Kathmandu (AsiaNews) – Faced with a serious economic crisis, the Government of Nepal is trying to attract Christian tourists to the Himalayan nation, promoting it as a place of destination for Christmas and New Year holidays. For this reason, the authorities are protecting Christian places of worship from possible attacks by Hindu extremists. Local Catholics and Protestants were thus able to celebrate Christmas Mass and conduct processions in relative security. The increased volume of sales also pleased local businesses.
Prachandaman Shrestha, chairman of the Nepal Tourism Board, announced support and promotional packages for tourists who wish to visit the country at Christmas time.
“Our country is secular and people of any religion are welcome to Nepal,” Nepali Foreign Minister Sujata Koirala added. “This was not the case before but now we invite Christians from the world to come and celebrate Christmas here. Christian activities that do not harm the country are welcome in Nepal,” she said.
In 2007, Nepal became a secular state. The change came after ten years of civil war and centuries of Hindu monarchy. However, Christian and other minorities still survive on the margins of society.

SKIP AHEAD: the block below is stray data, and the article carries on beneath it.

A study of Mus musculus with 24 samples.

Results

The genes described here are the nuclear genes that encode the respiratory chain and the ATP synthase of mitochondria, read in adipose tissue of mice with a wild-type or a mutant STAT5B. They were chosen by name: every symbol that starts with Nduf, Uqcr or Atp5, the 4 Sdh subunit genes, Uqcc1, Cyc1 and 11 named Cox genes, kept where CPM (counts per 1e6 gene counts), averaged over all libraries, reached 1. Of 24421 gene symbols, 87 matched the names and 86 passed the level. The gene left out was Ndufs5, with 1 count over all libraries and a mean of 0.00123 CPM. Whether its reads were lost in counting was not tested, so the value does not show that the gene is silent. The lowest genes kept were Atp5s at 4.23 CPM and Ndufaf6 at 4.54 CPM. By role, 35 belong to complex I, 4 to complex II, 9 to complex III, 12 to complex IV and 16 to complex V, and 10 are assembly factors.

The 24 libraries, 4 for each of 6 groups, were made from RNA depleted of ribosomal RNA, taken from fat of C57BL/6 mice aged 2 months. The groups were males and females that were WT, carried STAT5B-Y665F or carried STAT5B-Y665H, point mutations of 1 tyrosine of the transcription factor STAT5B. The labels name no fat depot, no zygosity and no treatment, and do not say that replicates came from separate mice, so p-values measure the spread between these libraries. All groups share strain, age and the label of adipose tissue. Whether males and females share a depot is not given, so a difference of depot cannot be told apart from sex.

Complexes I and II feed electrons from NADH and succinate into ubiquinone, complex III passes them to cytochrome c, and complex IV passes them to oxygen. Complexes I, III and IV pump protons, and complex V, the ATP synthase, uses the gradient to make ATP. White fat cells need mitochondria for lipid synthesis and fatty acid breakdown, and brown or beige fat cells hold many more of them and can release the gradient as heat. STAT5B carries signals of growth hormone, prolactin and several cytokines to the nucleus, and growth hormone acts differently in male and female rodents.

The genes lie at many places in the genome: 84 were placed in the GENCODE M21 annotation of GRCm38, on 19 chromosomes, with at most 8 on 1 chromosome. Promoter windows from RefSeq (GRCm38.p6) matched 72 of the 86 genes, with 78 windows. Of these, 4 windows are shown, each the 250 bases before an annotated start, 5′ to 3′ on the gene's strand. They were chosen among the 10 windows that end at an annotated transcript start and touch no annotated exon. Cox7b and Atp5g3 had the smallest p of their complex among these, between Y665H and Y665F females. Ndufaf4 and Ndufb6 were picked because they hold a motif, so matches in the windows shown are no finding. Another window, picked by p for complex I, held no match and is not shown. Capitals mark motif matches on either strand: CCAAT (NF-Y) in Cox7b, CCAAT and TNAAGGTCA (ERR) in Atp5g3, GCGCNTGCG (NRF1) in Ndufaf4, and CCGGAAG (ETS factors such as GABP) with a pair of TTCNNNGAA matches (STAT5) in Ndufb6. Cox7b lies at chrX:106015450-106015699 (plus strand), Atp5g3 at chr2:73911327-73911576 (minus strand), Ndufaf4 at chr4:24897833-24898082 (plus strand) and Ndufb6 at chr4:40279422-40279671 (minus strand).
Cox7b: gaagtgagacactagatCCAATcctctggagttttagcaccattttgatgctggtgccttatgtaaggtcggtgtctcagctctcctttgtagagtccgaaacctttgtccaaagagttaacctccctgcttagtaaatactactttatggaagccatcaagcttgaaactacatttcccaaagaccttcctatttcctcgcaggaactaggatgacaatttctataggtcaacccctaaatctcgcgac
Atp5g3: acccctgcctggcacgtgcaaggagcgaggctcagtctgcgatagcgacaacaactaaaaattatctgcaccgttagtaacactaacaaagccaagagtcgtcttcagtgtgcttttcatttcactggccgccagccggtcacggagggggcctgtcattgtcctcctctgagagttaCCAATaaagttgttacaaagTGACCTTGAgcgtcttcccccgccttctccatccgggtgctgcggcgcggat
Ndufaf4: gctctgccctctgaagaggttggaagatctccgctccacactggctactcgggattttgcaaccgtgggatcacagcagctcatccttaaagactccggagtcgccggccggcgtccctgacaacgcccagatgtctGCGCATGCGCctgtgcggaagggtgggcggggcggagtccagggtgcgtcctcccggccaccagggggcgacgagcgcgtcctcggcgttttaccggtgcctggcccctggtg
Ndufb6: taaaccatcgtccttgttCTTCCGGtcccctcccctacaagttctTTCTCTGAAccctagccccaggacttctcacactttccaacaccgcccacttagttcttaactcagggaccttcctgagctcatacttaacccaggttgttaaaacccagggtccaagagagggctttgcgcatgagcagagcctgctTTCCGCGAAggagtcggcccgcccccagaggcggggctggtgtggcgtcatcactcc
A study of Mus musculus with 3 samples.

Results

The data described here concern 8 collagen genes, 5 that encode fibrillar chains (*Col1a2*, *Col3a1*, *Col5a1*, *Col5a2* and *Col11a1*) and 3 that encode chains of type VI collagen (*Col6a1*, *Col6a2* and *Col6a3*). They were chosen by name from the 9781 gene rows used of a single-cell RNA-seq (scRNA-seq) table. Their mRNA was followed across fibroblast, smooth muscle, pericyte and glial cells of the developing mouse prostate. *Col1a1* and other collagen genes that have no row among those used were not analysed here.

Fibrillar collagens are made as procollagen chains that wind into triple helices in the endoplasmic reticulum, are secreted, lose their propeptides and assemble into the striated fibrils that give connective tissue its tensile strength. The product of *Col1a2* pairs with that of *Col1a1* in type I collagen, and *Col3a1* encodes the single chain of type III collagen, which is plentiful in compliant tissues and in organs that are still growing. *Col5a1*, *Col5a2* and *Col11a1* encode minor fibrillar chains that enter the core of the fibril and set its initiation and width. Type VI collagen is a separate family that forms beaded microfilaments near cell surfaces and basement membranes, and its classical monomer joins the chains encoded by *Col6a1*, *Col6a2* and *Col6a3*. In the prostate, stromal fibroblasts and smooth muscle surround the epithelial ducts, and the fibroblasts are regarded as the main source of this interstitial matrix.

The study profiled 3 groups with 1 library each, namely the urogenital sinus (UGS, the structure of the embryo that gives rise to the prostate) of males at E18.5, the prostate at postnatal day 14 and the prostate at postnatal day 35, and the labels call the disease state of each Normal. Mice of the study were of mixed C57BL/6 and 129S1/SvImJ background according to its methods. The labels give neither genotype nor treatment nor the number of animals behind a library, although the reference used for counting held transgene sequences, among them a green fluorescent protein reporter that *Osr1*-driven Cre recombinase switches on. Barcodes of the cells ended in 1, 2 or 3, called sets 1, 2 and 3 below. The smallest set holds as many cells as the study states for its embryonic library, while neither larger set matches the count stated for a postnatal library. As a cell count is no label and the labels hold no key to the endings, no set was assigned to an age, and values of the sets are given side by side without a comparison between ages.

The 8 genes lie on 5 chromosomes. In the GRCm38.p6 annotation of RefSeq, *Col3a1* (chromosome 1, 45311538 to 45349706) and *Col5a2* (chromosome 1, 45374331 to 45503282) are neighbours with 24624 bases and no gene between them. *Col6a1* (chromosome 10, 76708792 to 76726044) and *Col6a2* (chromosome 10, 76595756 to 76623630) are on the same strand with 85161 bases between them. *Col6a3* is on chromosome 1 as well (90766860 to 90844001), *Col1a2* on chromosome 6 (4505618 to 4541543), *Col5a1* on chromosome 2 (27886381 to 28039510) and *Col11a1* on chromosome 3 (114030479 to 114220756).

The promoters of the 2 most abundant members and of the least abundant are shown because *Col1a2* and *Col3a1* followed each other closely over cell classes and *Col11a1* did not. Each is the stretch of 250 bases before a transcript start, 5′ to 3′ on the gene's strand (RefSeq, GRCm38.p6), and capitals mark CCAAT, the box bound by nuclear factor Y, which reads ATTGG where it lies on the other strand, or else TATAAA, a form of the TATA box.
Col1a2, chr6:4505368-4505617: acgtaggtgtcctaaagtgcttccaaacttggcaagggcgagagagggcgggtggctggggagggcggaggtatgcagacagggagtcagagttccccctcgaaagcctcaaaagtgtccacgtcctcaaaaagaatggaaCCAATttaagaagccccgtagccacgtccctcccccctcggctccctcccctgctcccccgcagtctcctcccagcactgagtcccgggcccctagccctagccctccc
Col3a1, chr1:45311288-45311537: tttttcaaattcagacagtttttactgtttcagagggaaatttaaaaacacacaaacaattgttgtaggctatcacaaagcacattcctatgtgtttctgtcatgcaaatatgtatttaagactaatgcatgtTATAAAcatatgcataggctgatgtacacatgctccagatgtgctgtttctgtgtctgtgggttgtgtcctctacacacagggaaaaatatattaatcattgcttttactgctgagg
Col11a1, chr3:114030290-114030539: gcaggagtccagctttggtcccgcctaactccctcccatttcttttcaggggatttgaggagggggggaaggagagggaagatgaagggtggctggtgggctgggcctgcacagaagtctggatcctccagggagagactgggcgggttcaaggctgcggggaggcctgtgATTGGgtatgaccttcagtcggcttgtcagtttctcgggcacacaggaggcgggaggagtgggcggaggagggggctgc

Not only has the government banned apostolic work and proselytising, but in the recent years of political instability, Catholic and Protestant communities have often been the object of attacks from Hindu extremists.
Fr Robin Rai, a priest at Kathmandu’s Assumption cathedral, told AsiaNews, “In the 21st century, the state cannot ignore the presence of religious minorities and ban their activities. Circumstances have changed and Hindus are starting to accept and understand our faith.”
At the same time, Nepali business people and travel agencies have praised the government for its initiative. After being hard hit by the crisis, the national economy got a shot in the arm because of the great opportunities generated by Christmas.
For Rameshwor Tapa, who runs a gift shop near Assumption Cathedral, “one week of Christmas doubled sales for the whole year.”
The government’s action also created greater trust between the Christian minority and other religions. “In addition to Protestants and Catholics, I saw people from other religions buy Christmas gifts and exchange best wishes,” Mr Tapa said.